According to our device intelligence data, IoT devices make up around 33% of all devices connected to consumer home networks. These devices are infamous for their security vulnerabilities and poor vendor practices. Nevertheless, network service providers can offer their end-users a reliable way to protect the entire home network, including all of their IoT devices: CUJO AI Sentry.
This list of most attacked IoT devices is based on the latest cybersecurity report from CUJO AI Labs, which analyzed over 2.1 billion threats stopped on home networks and identified the most attacked brands and device types.
Network-attached storage (NAS), DVR, IP cameras, baby monitors, and audio-video devices are the 5 most targeted device types, when we consider the average number of threats to each device type. Popular devices, such as smartphones, smartwatches, tablets, or computers, face orders of magnitude fewer threats than NAS devices or DVRs, on average. To find out more about the differences in relative threats devices face, see the device type threat index at the end of this article or in our cybersecurity report.
1. Network-attached Storage (NAS)
NAS devices are targeted hundreds of times (345, to be exact) more often than an average connected device. There are several reasons why this happens:
- NAS devices are perfect targets for ransomware due to the valuable data they hold.
- They are often configured to make them more susceptible to attacks: they need to have ports opened for the owner to access data when away from home. With ports 8080 and 443 open, NAS devices are easily noticed by attackers.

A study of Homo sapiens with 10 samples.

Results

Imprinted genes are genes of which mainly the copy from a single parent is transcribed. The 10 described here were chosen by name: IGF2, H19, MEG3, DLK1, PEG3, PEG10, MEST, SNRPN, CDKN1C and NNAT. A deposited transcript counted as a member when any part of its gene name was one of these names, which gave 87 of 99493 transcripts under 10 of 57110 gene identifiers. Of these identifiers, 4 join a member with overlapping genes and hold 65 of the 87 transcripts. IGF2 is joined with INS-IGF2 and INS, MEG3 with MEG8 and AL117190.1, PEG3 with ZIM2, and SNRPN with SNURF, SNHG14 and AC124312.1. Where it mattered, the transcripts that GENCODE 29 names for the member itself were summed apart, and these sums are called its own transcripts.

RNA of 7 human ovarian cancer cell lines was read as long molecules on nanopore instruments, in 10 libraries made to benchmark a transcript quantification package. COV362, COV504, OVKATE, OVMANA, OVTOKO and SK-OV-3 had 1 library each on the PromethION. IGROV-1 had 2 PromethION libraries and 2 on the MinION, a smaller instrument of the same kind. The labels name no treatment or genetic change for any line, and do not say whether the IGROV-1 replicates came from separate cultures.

- Users usually have to approve firmware upgrades, which adds significant delays to the patching process.
Digital video recorders (DVR) are used to record digital video from IP cameras and other sources to disk drives, USB flash drives, SD memory cards or mass storage devices. Some DVR vendors sell poorly configured devices with open ports that allow access from outside the home net- work. Also, many DVR vendors autoconfigure the home router via UPnP to open its ports to the Internet.
Our data shows that DVR devices are attacked almost 45 times more often than an average device, or more than two times more often than the third type of IoT devices in this list.
3. IP Cameras
An average IP camera is attacked over 20 times more often than an average device. Of the top 30 most attacked IoT device models, all are made by different manufacturers, however, just 4 brands are targeted by more than 96% of attacks.
IP cameras are infamous for having poor security. They are being hacked not only to spy on people, but also to participate in coordinated DDoS attacks.
Infected IP cameras also often become part of botnets. Many IP cameras have poor configurations, such as publicly known hard-coded administrator credentials, which make them easy targets for brute-force attacks. Since, like NAS devices, IP cameras are accessed remotely by their users, they are often exposed to the Internet. Like DVRs, many IP cameras autoconfigure the home router via UPnP to open ports to the Internet.
4. Baby Monitors
Large hacks of baby monitors are often portrayed in the media and resonate within society, since these devices are placed in very private settings. Our data shows that baby monitors are indeed attacked very often, albeit not as often as NAS devices or IP cameras. Most of the time, baby monitors are running the same software and have the same vulnerabilities as IP cameras. Baby monitors with cloud-only interfaces are safer from these types of threats, but can still be vulnerable to other attack vectors, like password reuse.
The threat landscape of baby monitors looks rather surprising, as our data clearly shows that just a few devices of a single brand are being targeted by 98% of all threats to baby monitors.
5. Audio-video Devices
Audio-video devices are targeted by threats around 50% more often than desktop and laptop computers. Audio-video devices are a combination of devices that perform video conferencing, as well as audio, video streaming. Quite a few brands are targeted by malicious activities in this category. Nevertheless, just 3-4 brands are attacked overwhelmingly more often than others, when we take device population numbers into account.
To find out more about how these and other IoT devices are targeted by attackers, as well as which device brands and models are attacked most often, download our latest cybersecurity report or visit our ISP security hub for more security insights for network service providers.